Valerie Harper visits "The Doctors": "While you're living, live"
Valerie Harper, left, with co-host Dr. Travis Stork during a taping of "The Doctors," airing March 11. / AP/CBS Television Distribution
Valerie Harper got personal about her terminal cancer diagnosis during a visit to "The Doctors," which aired Monday morning. Throughout the episode, she smiled, laughed and kept a positive attitude as she spoke openly about her illness, showing great courage in the face of death.
"More than anything I'm living in the moment," said the 73-year-old actress, who was diagnosed with brain cancer in January. "I really want Americans and all of us to be less afraid of death...don't go to the funeral before the day of the funeral. While you're living, live."
Valerie Harper opens up about cancer battle, her last days
During the taped TV interview, Harper focused on the positive: the excellent doctors and health coverage she has and the "greatest husband in the world." Her longtime husband, Tony Cacciotti, also appeared on the show, telling the story about how he learned about the diagnosis.
A series of guests appeared via phone and in studio during the episode. Actor Ed Asner, Harper's co-star on "The Mary Tyler Moore Show," showed his support, saying, "I believe in you and your life."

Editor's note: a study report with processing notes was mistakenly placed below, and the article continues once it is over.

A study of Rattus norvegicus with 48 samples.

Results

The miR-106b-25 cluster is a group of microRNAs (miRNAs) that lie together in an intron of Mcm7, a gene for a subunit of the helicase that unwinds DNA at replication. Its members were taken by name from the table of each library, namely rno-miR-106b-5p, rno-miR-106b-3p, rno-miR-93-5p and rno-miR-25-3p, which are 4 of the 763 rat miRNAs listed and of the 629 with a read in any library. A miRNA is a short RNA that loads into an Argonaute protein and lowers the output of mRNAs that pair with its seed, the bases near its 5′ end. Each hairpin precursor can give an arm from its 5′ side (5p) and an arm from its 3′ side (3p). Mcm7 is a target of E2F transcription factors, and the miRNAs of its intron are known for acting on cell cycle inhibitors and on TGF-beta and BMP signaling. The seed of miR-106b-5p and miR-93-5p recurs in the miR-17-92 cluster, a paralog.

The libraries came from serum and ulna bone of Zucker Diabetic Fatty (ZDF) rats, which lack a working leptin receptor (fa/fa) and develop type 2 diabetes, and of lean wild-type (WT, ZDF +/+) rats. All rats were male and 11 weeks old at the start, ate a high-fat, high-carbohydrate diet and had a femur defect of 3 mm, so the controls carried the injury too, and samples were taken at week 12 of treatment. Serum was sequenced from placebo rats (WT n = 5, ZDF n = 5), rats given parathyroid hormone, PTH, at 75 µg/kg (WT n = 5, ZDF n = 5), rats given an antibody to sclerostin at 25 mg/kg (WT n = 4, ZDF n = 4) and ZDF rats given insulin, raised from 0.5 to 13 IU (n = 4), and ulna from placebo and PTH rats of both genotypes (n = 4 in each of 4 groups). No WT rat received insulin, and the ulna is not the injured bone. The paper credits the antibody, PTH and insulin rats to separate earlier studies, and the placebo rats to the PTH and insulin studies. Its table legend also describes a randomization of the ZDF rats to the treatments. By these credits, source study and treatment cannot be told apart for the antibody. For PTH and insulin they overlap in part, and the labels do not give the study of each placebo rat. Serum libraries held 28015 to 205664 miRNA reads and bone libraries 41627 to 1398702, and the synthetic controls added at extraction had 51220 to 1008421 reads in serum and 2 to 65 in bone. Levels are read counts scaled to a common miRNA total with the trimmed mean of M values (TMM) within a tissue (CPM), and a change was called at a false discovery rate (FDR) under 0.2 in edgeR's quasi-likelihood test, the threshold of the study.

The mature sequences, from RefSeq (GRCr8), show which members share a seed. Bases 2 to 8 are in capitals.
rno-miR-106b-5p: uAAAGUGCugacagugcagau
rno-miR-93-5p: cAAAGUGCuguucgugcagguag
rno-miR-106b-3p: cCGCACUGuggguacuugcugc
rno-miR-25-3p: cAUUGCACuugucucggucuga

And Harper seemed genuinely surprised when her friend and former co-star Cloris Leachman walked on the set. They embraced and reminisced about their time on "The Mary Tyler Moore Show." "You're beautiful, your hair is beautiful, and I love you," Leachman told Harper.
During the second half of the episode, Harper and Dr. Travis Stork talked the medical specifics and treatment about Harper's disease, leptomeningeal carcinomatosis.
Harper had some final words of advice for viewers: "Find your contribution...find that middle point of contribution....giving someone a smile. Whatever it is. That's where we need to live together." She later added, "Embrace yourself. Know you're perfect, even through all your flaws."
Harper fought through tears as she talked about attending an upcoming White House event in April. "I really hope I can make it," she said.
On Monday, Harper also appeared in a segment on NBC's "Today" show where she said that "it feels awful damn good to be open about [cancer], face it and see what you can do. If you die, you're not a failure. You're just somebody who had cancer, and that's the outcome."
This isn't Harper's first cancer battle; she successfully beat lung cancer after being diagnosed in 2009.
Harper rose to fame for her role as Rhoda Morgenstern on "The Mary Tyler Moore Show" and its spinoff, "Rhoda." She scored four Emmys in the role.